Mortgage Lenders Go Broke
As the markets fret over how soon a recession will happen, how deep it will be, and how soon thereafter there will be a recovery real world companies are going broke. This issue has to do with the housing market. Lending rates are up dramatically and the upcoming failures will be the worst since the 2007 Housing Crisis and Great Recession as mortgage lenders go broke.
Independent Lenders Will Bear the Brunt of the Pain
After the Financial Crisis big US banks reduced their presence in the US home mortgage market and the slack was taken up by independent lenders. That is where the layoffs will occur and those are the companies that will go out of business. The big issue is that non-banks are not as well capitalized as banks. This means they can profit more in good times and that they are more vulnerable when times are bad. By comparison back in 2004 a third of the top twenty refinancing lenders were independents and today two-thirds are. The bank share of refinancings went down from half to a third since 2016.
Applications for home loans have fallen in 2022. Although many companies will cut back and come through in one piece, those that have specialized in risky loans that do not qualify for government backing will be in trouble. One company that just filed for bankruptcy is First Guaranty whose majority ownership is by Pacific Investment Management Co., was holding loans which dropped substantially in value while they were financing those loans with a line of credit that has become more expensive.
We recently looked at if we are in a recession or not. The housing market tells us that we are knee deep in a recession even if employment is at an all time high and unemployment is at its lowest in decades. Home buyers are backing off from new purchases and anyone who wanted to refinance their home did it already. The cash flow of new mortgages and refinancing that companies like First Guaranty need to stay afloat have dried up. As a side note, the company laid off 471 of its 600 employees as it waits to pass through bankruptcy.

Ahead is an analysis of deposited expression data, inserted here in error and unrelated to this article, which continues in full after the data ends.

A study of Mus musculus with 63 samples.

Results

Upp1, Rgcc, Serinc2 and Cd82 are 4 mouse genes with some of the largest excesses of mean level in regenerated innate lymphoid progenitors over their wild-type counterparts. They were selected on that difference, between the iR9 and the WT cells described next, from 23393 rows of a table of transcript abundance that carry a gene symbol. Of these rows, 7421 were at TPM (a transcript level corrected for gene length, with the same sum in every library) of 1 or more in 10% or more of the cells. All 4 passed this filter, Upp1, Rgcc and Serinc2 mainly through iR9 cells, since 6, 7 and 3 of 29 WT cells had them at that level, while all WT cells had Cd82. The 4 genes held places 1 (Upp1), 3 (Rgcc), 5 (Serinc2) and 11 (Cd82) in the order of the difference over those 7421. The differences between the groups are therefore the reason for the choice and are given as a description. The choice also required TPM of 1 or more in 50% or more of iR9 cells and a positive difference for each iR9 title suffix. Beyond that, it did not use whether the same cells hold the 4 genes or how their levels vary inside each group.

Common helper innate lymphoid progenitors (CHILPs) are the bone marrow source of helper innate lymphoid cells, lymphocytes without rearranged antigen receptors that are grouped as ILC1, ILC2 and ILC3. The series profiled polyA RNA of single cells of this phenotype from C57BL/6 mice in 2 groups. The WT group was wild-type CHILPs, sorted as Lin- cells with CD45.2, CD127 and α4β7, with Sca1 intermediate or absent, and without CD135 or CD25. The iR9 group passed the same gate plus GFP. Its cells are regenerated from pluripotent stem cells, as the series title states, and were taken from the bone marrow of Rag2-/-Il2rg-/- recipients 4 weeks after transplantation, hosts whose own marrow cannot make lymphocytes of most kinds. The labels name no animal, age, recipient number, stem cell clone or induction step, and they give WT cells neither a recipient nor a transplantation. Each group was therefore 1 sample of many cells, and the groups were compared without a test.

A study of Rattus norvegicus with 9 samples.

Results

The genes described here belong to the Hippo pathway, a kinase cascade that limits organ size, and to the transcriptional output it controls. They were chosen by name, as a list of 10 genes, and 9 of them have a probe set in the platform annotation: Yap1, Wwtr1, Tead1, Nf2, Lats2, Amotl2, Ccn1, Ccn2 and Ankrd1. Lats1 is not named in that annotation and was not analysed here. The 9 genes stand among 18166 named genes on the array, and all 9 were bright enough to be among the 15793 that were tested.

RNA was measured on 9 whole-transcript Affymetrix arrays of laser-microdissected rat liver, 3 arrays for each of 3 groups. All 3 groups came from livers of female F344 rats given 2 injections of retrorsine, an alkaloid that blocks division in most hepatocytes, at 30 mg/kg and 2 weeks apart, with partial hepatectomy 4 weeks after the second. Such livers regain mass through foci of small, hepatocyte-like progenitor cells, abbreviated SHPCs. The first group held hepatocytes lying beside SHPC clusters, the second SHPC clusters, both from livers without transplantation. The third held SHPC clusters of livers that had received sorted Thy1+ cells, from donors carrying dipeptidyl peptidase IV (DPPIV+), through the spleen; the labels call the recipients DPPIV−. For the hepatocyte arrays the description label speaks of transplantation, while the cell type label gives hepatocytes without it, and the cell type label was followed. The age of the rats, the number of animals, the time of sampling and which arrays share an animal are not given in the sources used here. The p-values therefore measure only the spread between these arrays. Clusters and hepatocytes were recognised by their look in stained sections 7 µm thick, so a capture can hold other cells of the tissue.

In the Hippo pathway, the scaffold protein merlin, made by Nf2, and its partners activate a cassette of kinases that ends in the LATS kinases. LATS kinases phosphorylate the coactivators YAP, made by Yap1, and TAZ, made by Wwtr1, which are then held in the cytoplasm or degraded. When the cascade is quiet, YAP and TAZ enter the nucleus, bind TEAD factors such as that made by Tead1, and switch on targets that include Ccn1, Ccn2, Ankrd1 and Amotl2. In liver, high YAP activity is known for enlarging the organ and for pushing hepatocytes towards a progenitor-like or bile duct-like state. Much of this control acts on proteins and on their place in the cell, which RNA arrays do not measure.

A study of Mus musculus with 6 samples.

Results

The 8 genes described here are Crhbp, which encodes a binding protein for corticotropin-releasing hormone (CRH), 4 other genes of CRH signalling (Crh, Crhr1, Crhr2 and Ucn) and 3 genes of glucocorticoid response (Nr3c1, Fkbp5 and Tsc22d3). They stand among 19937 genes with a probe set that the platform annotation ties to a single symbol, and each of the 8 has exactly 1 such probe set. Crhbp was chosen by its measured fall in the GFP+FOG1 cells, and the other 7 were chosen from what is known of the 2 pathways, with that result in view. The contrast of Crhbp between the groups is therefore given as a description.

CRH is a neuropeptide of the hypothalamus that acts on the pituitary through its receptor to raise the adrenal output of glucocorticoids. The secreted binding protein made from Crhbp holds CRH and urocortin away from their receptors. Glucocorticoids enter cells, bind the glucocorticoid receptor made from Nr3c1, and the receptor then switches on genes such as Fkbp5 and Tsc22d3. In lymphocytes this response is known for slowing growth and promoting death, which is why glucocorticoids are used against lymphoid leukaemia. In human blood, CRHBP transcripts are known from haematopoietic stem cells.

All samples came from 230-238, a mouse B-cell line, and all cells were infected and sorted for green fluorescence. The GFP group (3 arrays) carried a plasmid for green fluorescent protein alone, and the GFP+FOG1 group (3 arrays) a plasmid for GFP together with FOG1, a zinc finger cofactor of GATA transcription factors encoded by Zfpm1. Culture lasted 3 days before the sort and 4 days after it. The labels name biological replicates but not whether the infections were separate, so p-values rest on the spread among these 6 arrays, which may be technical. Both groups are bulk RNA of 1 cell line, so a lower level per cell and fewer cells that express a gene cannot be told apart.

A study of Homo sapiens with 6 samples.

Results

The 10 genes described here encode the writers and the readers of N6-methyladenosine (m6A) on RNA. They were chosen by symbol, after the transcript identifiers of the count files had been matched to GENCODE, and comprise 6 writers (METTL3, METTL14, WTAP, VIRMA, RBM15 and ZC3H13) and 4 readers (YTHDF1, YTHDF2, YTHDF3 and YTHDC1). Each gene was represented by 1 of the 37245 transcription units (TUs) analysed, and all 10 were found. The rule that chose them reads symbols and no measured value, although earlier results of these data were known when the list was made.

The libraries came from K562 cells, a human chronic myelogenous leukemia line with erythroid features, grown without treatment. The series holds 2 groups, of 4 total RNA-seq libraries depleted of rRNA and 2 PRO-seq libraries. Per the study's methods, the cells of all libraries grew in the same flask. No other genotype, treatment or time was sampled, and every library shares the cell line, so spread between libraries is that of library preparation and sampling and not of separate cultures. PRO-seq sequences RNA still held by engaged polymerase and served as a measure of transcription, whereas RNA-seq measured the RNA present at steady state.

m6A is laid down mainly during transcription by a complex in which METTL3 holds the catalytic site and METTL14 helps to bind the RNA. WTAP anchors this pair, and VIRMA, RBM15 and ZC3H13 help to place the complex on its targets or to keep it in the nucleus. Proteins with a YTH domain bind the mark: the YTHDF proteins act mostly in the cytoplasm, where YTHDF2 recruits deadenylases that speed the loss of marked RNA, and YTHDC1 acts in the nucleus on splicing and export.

Bank Retreat from Mortgage Sector
US banks that were willing to provide risky loans to folks who were buying properties far beyond their means were largely responsible for the housing crisis. Regulations have helped reduce the risk of what happened fifteen years ago. But part of the risk has not gone away and has simply been transferred to independent lenders that are less regulated or not regulated at all compared to banks. Wells Fargo is the largest firm on Wall Street dealing mortgages and they have not only reduced that business but continue to do so. Banks fund their mortgage businesses with customer deposits while independent lenders fund their mortgages with short term credit. This dynamic has made banks more secure by far than independent lenders in the current environment of rate increases.
Value of a Loan Portfolio
An independent lender makes loans and holds a portfolio of loans as its asset. Ideally, every person who owes money will pay on time for the duration of their loans. But, in reality, people default, like many did during the Covid Crisis. That reduces the value of that portfolio and it reduces the cash flow from that portfolio of loans. And, in an ideal world for lenders, interest rates are going down so that older loans at higher interest rates increase in value. That is certainly not the case today as the Fed keeps raising rates to fight inflation. Independent lenders typically borrow on short term credit to finance their operations and today their costs have skyrocketed. This has caused a perfect storm in the home mortgage market. These are not companies whose stocks we can trade options on. But they are a significant part of the economy and the fallout from a collapse of home mortgage lenders can ricochet thought the economy and that is something to watch out for in trading options. As we have noted before, this not a good time to be trading options solo. Consider joining one of the trading squadrons at Top Gun Options were we potentially print money no matter how the economy or markets are doing.